If there’s anything writers are good at, it’s expressing themselves with words.
It is, after all, our one sole job. Still, I find it hard to describe my experience in Tuscany’s small town of Camaiore. After having visited Florence and Rome (with a brief stint in quiet Pisa), I had thought my visit to Camaiore would be a relaxing one. It was anything but; my time spent in this unassuming city turned out to be both physically and emotionally charged.
I had already fallen in love with Tuscany in Florence, but it was in Camaiore that she stole my heart. The way the mountains rise mysteriously into the rain-bearing clouds, fatalistic and gritty but astonishingly beautiful at the same time. The way the tree-lined stretch of Via Italica, the main street leading into the city from its beachfront, Lido di Camaiore, resembles a portal from one world to the next. The way the city’s principal shopping avenue, Via Vittorio Emanuele, idyllic in the day yet wholly romantic at night, wanders from the historic center to the distant hills beyond. There’s an intelligence in the quietness of it all.
Nearby Pietrasanta (a short train ride from the Stazione di Viareggio) is a city bathed in the arts, first noted by Michelangelo for its abundance of marble. This “City of Artists” prominently features works by Polish sculpture Igor Mitoraj and paintings by Colombian artist Fernando Botero (whose art I first witnessed in an exhibition in Palermo, a month prior). It’s enough to visit the city’s churches and partake in an aperitivo in the main square to appreciate the offerings of Pietrasanta, and I could sit and admire her for hours without saying a thing.
If there’s anything writers are good at, it’s finding meaning in the silence between sounds.
The medieval city of Lucca, with its interior beauty surrounded by walls that apparently even history could not tear down, was an easy day trip from Camaiore. It’s not hard to see many of the sights in one day. Start your adventure at the Cattedrale di San Martino (the city’s Duomo) and the Chiesa e Battistero di San Giovanni e Santa Reparata, all accessible with a single intero ticket that also includes the Museo della Cattedrale. Access to a tower provides brilliant overhead views of the city. For a view from another perspective, check out Torre Guinigi located just south of Piazza Anfiteatro, a beautiful circular “square” featuring outdoor restaurants and colorful buildings. If you’re looking for a quick and cheap bite, I recommend La Tana del Boia, a panineria located in Piazza San Michele, right next to the Chiesa di San Michele in Foro. If possible, I’d recommend staying in the city past sunset, when the hot days turn to cool nights and the work of illumination passes from blinding sun to tender lights.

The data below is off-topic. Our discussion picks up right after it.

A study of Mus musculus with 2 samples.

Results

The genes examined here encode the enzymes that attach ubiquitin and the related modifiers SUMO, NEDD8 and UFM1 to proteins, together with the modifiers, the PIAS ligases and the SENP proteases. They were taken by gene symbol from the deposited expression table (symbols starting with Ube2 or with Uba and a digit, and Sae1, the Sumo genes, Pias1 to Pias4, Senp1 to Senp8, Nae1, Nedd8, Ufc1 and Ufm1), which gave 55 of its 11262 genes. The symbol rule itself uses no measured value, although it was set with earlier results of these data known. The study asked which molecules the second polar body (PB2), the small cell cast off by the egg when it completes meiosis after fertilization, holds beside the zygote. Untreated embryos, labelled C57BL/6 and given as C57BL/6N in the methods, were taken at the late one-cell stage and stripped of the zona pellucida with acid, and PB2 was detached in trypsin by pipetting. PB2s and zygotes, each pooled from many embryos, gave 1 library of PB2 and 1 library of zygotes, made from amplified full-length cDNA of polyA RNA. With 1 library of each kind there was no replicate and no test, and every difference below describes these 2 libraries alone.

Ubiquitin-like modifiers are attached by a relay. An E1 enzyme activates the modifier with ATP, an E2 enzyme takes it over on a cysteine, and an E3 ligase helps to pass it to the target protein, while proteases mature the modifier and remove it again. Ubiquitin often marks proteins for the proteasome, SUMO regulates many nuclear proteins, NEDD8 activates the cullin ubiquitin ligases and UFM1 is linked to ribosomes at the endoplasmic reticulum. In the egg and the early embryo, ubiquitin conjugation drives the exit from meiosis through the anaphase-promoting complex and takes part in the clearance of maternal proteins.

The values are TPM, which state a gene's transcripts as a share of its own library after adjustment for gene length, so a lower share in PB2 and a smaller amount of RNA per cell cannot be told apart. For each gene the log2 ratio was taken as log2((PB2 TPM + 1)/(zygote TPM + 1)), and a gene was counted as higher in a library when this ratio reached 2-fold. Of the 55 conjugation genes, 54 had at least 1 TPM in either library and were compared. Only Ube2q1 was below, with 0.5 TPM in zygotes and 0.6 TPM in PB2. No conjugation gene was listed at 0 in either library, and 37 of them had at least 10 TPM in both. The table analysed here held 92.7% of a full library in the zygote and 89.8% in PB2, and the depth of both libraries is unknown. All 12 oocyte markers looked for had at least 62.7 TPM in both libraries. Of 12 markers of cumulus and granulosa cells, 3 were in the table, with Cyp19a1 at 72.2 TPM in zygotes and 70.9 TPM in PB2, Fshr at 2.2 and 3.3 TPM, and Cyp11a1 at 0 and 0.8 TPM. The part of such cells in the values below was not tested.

There’s not much that can be said about Cinque Terre that hasn’t already been said. If you’re unfamiliar with the place, know that the name (translated literally as “five lands”) describes an area and not one singular city (there’s no train station for “Cinque Terre,” so don’t bother looking). Each town represents a different aspect of her overall appeal, from vibrant shops and shores to quiet hilltop country life. Purchase the Cinque Terre Card for unlimited access to trains and hiking trails, as well as free Wi-Fi in the stations. I first visited Riomaggiore, one of the bigger towns, followed by Monterosso al Mare, from which I hiked the tiring stairs to Vernazza. I then took the train to Corniglia, located higher up in the hills, after which I did not have time to see quiet Manarola, as I had to head back to La Spezia where trains arrive and depart for the other cities of Italy. Located in the region of Liguria, it behooves the traveler to try culinary specialties like pesto, focaccia and local seafood like the Anchovies of Monterosso. The area is also known for its limoncello and a wine called Sciachetrà, which unfortunately does not come cheap. Like my experience with Lucca, I would’ve loved to spend more time with Cinque Terre, particularly at night and without reason to rush.
I spent only three days in Camaiore, yet it turned out to be one of the most meaningful stops of my trip. If there’s anything writers are good at, it’s holding on to those quiet moments that shake the soul. Despite having visited legendary places like Cinque Terre and Lucca, it was the nights in Camaiore that moved me most, from the first night drinking Scotch procured from a café past midnight to the lovely seafood dinner on my last night in town to my final moments at the train station before leaving. Tuscany may be a beautiful region, but it was Camaiore that took a part of me with her.
If there’s anything writers are good at, it’s using metaphors.